A hacker gained access to a national security contractor’s system for an “extended period of time” and stole a “significant” amount of data last year, the government will reveal today.
The Australian Cyber Security Centre (ACSC) first became aware of the breach in November.
“Analysis showed that the malicious actor gained access to the victim’s network by exploiting an internet or public-facing server, which they accessed using administrative credentials,” Assistant Minister for Cyber Security Dan Tehan is due to tell the National Press Club later today.
“Once in the door, the adversary was able to establish access to other private servers on the network,” a draft of Tehan’s speech says.
The adversary remained active on the network while ACSC analysts investigated. Although the victim of the hack will not be revealed, Tehan will confirm it is a “small Australian company with contracting links to national security projects”.
The ACSC have since been able to “remove the malicious actor”, Tehan will add.
Tehan told the ABC that the government was “not 100 per cent sure” of the identity of the perpetrator.
"It could have been a state actor, it could have been cyber criminals, and that's why it was taken so seriously," he is quoted as saying.
The revelation comes just a week after Foreign Minister Julie Bishop launched Australia's first International Cyber Engagement Strategy.
The document says the country has the capability to attribute malicious cyber activity to "several levels of granularity" down to specific states and individuals.
If hit by malicious cyber activity, the strategy explains that Australia could respond with “law enforcement or diplomatic, economic or military measures”, which could include “offensive cyber capabilities that disrupt, deny or degrade the computers or computer networks of adversaries”.
The Government is today launching the ACSC’s Threat Report for 2017.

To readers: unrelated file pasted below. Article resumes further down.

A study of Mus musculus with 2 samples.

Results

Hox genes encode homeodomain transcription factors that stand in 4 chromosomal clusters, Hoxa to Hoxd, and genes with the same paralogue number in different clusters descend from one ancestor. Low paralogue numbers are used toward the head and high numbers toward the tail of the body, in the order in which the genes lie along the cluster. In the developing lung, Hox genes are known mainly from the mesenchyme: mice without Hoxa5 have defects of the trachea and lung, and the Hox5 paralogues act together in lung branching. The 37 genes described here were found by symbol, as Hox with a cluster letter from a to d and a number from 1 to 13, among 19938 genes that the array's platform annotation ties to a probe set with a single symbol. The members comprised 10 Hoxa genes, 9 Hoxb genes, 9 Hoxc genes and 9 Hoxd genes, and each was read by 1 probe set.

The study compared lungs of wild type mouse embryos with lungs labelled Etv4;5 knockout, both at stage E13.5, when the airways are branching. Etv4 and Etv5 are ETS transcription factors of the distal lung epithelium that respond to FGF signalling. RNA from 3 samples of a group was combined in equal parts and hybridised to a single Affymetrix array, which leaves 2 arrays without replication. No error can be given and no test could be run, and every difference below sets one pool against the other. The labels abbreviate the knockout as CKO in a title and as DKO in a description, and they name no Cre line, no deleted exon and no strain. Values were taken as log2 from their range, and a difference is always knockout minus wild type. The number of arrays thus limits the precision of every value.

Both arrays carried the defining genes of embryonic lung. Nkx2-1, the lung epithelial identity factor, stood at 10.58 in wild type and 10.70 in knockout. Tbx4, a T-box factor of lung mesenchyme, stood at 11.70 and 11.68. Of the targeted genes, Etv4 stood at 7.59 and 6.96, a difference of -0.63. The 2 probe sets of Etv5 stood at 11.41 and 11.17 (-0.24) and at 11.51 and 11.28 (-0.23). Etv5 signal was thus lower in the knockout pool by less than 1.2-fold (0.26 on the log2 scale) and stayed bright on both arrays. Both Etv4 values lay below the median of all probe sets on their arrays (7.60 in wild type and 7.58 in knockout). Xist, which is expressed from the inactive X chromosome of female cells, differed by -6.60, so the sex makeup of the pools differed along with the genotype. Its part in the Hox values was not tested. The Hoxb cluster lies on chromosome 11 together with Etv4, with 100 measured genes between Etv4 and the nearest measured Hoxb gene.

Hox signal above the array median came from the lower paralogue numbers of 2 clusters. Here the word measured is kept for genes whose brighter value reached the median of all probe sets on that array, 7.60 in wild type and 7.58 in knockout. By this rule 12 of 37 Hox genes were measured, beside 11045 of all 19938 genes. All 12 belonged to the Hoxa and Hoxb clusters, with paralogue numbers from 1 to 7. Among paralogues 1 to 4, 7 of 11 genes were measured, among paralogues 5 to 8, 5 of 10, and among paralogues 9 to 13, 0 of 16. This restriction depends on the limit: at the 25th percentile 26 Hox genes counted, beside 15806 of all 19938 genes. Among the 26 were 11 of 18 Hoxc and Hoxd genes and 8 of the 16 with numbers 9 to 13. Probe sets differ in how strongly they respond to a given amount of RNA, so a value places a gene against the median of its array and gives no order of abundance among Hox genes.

Over the last 12 months the centre has identified 47,000 cyber incidents, a 15 per cent increase on last year. More than half of these incidents were online scams or fraud, which increased in number by 22 per cent.
There were 7,283 cyber security incidents affecting major Australian businesses. The ACSC also responded to 734 cyber incidents affecting private sector systems of national interest and critical infrastructure providers.
Phishing attacks continue to rise in number, the report states. Incidents reported to the ACSC indicate losses of over $20 million due to business email compromise. This was up from $8.6 million in 2015-16, an increase of more than 130 per cent.
The ACSC’s measure of cyber security incidents in Australia suffers from severe under-reporting.
“Of the reported incidents that impacted business, fewer than 60 per cent came forward to report what had happened. For the other 40 per cent, the incidents were identified by the ACSC. And these are only the incidents that we know about,” Tehan will say today.
“If you are a victim of cybercrime, you have done nothing illegal. Hiding cybercrime only allows cybercriminals to continue to break the law. When your house or car is broken into, you report it to the police. We must have the same mindset when it comes to cybercrime,” he will add.